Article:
Have you ever visited a pet cafe? If not, put it on your bucket list as a must-do. I loved my cat yoga class at Sydney Cat Cafe earlier this year! Here is a unique insight into Asia’s pet cafes from Samuel Anderson, self made barista, coffee fanatic and pet lover...
I didn’t know what to expect the first time I visited Nekorobi, one of Tokyo’s oldest cat cafes. For one, the very term “cat cafe” gave me pause – I’d heard of maid cafes before, those bizarre tourist traps where girls dress up in frilly black-and-white outfits to serve customers their drink orders, but that was it. Hearing “cat cafe” brought to mind visions of a calico in a top hat bowing to me and asking if I wanted cream in my coffee!
The good news is that cat cafes are much more mundane. Even better, they’re only a tiny subset of “pet cafes,” a delightfully furry phenomenon that’s been taking Asia by storm. Here are just a few facts, stories and observations about the world of pet cafes.
- Most of them aren’t actually cafes.
There are a few establishments where you can order a macchiato while cats wind around your legs, but they aren’t the norm. The typical “cat cafe” is more like a communal living room than a restaurant. They’re soft, comfortable places filled with couches, pillows and cushions, and you’re encouraged to sit on the floor or lounge around the beanbags as you please.
The cafe I visited, Nekorobi, was a simple one-room establishment where a few other visitors were already sitting cross-legged on the floor when I entered. There were about a half-dozen cats awake and engaged; some were enjoying treats from the humans, and others were deigning to be stroked and admired. Others still were dozing and napping around the room. It was a very relaxing atmosphere, and within minutes I never wanted to leave.
2. There are all kinds of pet cafes in all kinds of countries.
Tokyo is the mecca of cat cafes; one of the men I spoke to at Nekorobi said that there are more than 50 just inside the city limits. But they aren’t the only kind of pet cafe out there, and you don’t have to visit Japan to enjoy them.
South Korea has dog cafes where you can work or relax while corgis lounge at your feet.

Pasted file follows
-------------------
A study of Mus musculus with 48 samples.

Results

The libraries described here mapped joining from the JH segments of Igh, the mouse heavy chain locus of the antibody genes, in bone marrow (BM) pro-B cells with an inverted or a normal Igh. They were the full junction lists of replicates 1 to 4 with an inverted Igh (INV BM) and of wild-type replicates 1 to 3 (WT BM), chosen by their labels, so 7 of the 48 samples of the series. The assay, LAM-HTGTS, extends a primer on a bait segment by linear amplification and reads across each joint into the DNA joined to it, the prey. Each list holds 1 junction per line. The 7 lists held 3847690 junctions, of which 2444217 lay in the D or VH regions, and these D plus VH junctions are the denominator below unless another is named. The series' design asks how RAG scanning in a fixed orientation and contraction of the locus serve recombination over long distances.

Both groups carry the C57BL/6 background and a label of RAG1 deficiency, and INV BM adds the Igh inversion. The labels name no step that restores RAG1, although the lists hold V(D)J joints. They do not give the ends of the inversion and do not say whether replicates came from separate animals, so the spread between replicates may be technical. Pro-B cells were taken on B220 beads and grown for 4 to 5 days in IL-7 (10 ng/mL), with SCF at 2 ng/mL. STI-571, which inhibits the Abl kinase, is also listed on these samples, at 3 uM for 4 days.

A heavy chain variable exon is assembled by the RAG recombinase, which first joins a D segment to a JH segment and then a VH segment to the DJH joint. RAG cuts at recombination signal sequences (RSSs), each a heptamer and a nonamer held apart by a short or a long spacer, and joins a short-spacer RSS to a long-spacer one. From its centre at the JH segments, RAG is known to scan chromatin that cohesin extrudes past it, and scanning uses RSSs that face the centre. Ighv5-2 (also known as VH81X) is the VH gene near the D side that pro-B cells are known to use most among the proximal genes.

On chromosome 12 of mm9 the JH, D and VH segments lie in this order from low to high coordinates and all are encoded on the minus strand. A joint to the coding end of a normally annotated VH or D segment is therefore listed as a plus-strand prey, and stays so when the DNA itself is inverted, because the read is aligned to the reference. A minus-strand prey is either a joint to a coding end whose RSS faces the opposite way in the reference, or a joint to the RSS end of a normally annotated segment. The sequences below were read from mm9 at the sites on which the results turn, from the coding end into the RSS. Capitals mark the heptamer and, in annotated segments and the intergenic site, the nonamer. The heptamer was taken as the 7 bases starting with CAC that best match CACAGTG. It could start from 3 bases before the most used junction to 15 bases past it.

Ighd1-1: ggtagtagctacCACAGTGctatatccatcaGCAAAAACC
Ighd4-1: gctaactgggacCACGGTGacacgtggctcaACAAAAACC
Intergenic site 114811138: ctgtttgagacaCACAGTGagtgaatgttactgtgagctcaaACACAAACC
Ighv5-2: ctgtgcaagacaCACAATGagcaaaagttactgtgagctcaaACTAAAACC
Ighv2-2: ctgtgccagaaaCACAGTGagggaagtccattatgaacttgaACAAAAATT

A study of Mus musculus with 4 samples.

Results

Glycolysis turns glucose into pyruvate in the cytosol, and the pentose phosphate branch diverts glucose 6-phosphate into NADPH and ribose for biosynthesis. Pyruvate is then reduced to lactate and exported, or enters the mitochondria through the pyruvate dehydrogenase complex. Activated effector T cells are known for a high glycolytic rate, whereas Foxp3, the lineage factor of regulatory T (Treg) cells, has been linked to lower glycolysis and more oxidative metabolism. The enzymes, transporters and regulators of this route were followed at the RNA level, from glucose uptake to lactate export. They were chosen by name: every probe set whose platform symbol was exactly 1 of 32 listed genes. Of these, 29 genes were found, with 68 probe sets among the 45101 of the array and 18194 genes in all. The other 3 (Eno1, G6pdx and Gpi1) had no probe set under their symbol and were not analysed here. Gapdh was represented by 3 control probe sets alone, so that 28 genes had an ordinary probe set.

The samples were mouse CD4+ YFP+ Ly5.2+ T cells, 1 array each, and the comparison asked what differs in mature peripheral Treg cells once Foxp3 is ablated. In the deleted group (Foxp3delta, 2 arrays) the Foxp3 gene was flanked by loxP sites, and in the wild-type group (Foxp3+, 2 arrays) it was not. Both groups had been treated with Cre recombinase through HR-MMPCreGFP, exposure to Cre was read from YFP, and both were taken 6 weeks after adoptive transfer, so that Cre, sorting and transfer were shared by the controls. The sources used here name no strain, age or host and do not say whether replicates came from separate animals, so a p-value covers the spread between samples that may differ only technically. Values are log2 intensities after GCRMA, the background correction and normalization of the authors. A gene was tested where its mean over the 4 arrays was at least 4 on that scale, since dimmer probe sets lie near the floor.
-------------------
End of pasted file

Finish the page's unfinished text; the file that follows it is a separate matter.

The Philippines has pet cafes for cats, dogs and bunny rabbits.
Cambodia, Malaysia and Indonesia all have cat and dog cafes.
Thailand even has a “creepy crawly cafe” where you can enjoy a nice brunch while surrounded by reptiles like iguanas and snakes!
3. There’s therapeutic value in hanging out with the animals.
Any animal lover can wax poetic about the emotional benefits of our furry friends, but pet cafes have taken that idea and run with it. In addition to the animals themselves, pet cafes come with a wide variety of self-indulgent distractions. They include but aren’t limited to:
– Video games
– Books and manga
– Toys, puzzles, coloring books
– Vending machines full of snacks
I’ve even heard of pet cafes offering free Wi-Fi and study tables for students who want to get their homework done in a stress-free environment. All things considered, you’re the king of your own time when you visit a pet cafe. If you want to interact with the animals, you can; if you’d prefer to just stretch out and enjoy a book or movie while a kitty sleeps on your back, you can do that too.
- You can pay as much or as little as you’d like.
Apart from the universal “entry fee” that you pay to get through the door, pet cafes have different standards for charging you.
For example, some might dispense pet treats through a coin-operated machine. Some might offer lunch or dinner menus for an extra fee. Some go the traditional route and offer coffee; others will let you use your own coffee maker and bring in your own espresso.”
As for Nekorobi, it was free! Once I paid the entry charge, I was allowed to use or consume anything in the room without shelling out more yen. I indulged in the vending machine sweets but left the chicken pellets to the cats
5. They’re usually funding or raising awareness for animal welfare groups.
When I was visiting Nekorobi, the star of the day was a rambunctious kitten named Mei. Named after one of the characters in My Neighbor Totoro, she was a lively blue-eyed ball of fluff who would chase any string set in front of her.
I asked a staffer what would happen to Mei when she grew up. Would she live at Nekorobi forever? Where would she go when she was no longer tiny, cute and entertaining?
“We’ll find her a place with friends,” the girl said.
It turns out that those “friends” include animal shelters, animal advocacy groups and animal welfare organizations. It isn’t uncommon for pet cafes to work closely with non-profits to ensure the safety of both their own animals and other animals like them. All of the people involved are pet lovers, and that love is apparent in everything they do.
Long story short, I don’t regret my visit to Nekorobi. I wasn’t served tea by a short-haired bobtail, but you know what? I had a good time anyway.